Senator Dianne Feinstein, the outgoing chair of the Senate Intelligence Committee, is preparing this week to release a long-awaited report on the CIA’s use of torture on terrorism suspects during the George W. Bush administration. More specifically, the committee may release a 480-page summary of the full 6,000 page report.

Naturally, the people who approved, executed, and defended the torture program are not happy with the idea that the American public will actually learn just what was done in their name. So they’re preparing push-back: a last-ditch attempt to stop the report’s release, and if that fails, a campaign to blame any negative consequences on the Democrats who wanted the information public.

Here’s what the New York Times reported this morning:

Former intelligence officials, seeking allies against the potentially damaging report, have privately reassured the Bush team in recent days that they did not deceive them and have lobbied the former president’s advisers to speak out publicly on their behalf. The defense of the program has been organized by former C.I.A. leaders like George J. Tenet and Gen. Michael V. Hayden, two former directors, and John E. McLaughlin, a former deputy C.I.A. director who also served as acting director.

So what we’ll see in the next few days is a parade of intelligence officials, former Bush aides, congressional Republicans, and conservative pundits rushing to the media to decry the release of this report. They have old, familiar arguments about the torture program — it wasn’t really torture, it was all constitutional, we only tortured because that’s what everyone wanted — and one new one specifically tied to the Intelligence Committee’s report. They’re now arguing that the public can’t be shown the truth because doing so will spur a backlash that could include violent protests or the deaths of American hostages.

It isn’t only Republicans who have made this argument; Secretary of State John Kerry urged Feinstein to delay the report’s release for just that reason. But Republicans are leading the charge; Rep. Mike Rogers, the chair of the House Intelligence Committee, has been all over television (see here or here) warning that “This will in fact incite violence and it’s likely to cost someone their life.”

The problem is that that fear will never disappear. Just as thirteen years ago they used the public’s fear to justify the use of torture in the first place, today they try to create fear as a justification for keeping the truth secret. But whether we learn the full extent of the torture program this week, this year, or this decade, there will probably be a price to pay. Those who argue for delay ought to have the courage to admit that by their logic, the report should be quashed forever.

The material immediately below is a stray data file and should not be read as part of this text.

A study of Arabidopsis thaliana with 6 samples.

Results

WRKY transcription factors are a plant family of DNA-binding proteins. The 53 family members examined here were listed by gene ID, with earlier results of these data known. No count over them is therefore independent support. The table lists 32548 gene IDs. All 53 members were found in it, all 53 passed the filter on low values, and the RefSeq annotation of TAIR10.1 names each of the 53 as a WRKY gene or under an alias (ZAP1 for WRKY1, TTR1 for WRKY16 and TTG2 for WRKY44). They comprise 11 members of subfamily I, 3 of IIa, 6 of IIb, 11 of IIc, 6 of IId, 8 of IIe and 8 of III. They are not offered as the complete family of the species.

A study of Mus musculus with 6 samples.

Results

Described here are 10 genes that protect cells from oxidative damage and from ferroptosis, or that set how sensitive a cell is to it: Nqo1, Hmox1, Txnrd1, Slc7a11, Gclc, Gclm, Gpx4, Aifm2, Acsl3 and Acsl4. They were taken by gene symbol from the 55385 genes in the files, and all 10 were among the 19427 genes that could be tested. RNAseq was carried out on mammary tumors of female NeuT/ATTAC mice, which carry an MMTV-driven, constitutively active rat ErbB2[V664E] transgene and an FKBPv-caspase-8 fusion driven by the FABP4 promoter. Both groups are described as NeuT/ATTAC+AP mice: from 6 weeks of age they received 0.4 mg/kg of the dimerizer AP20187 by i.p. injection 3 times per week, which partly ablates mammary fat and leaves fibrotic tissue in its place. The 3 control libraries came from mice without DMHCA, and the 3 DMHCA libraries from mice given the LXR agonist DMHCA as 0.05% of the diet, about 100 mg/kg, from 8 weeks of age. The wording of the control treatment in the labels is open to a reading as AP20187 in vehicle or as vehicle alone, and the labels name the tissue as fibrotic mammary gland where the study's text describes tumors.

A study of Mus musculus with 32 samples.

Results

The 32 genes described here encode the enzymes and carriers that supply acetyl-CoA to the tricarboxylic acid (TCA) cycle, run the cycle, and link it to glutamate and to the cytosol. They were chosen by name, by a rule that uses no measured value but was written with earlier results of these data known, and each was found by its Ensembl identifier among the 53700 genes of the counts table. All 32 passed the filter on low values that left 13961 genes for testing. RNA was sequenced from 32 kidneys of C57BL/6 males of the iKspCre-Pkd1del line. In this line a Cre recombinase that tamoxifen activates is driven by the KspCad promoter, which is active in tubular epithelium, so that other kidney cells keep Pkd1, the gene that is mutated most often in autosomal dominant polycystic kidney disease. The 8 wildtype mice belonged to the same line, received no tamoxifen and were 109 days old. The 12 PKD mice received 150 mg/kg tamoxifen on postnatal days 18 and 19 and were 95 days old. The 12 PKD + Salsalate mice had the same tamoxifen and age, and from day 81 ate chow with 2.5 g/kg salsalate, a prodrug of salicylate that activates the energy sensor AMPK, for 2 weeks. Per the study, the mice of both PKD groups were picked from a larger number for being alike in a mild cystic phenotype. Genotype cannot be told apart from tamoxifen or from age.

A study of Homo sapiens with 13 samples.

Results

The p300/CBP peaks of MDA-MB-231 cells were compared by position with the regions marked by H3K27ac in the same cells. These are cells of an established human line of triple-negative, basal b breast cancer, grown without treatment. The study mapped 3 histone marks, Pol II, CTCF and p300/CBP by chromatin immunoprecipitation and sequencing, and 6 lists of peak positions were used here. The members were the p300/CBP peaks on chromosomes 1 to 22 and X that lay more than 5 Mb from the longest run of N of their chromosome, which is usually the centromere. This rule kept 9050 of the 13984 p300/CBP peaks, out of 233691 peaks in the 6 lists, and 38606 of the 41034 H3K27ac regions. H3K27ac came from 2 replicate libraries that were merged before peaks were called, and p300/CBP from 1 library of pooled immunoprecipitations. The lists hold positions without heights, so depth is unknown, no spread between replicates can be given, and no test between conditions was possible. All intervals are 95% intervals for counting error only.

Might there be some violence in response to the information contained in the report? Yes, there might. When the truth is ugly, revealing it has a cost.

If and when that violence occurs, the torture advocates will blame it on those who sought the information’s release, not on the underlying fact of the torture program. But there is no doubt where the responsibility will lie. In an atmosphere of panic and fear, our government appears to have done some abominable things. Nearly as horrifying is the fact that even now, so many people who either used to be in positions of power or are still in those positions will defend the program, so thoroughly were they infected by the moral rot that spread through the Bush administration.

The darkest chapters in our history and the most outrageous government decisions and programs eventually move from a place of contestation to a place of consensus in public debate. Outside of a few fringe extremists, no one today holds the position that slavery, the Trail of Tears, the internment of Japanese-Americans during World War II, the Tuskegee syphilis experiments, Jim Crow, or the witch hunts of McCarthyism were the right and proper thing for America to do. The Bush torture program may not be even remotely close in scale to those atrocities. But just as there is now consensus that all of those things are moral blots on the country’s history, if the full truth about torture comes out, a consensus could eventually emerge that this, too, is an unambiguous stain.

The cynicism necessary to attempt to blame the blowback from their torture program on those who want it exposed is truly a wonder. On one hand, they insist that they did nothing wrong and the program was humane, professional, and legal. On the other they implicitly accept that the truth is so ghastly that if it is released there will be an explosive backlash against America. Then the same officials who said “Freedom isn’t free!” as they sent other people’s children to fight in needless wars claim that the risk of violence against American embassies is too high a price to pay, so the details of what they did must be kept hidden.

But either we’re a free society, or we aren’t. Either Americans have a right to know the full extent of what their government did in those dark days, or they don’t. We have to choose.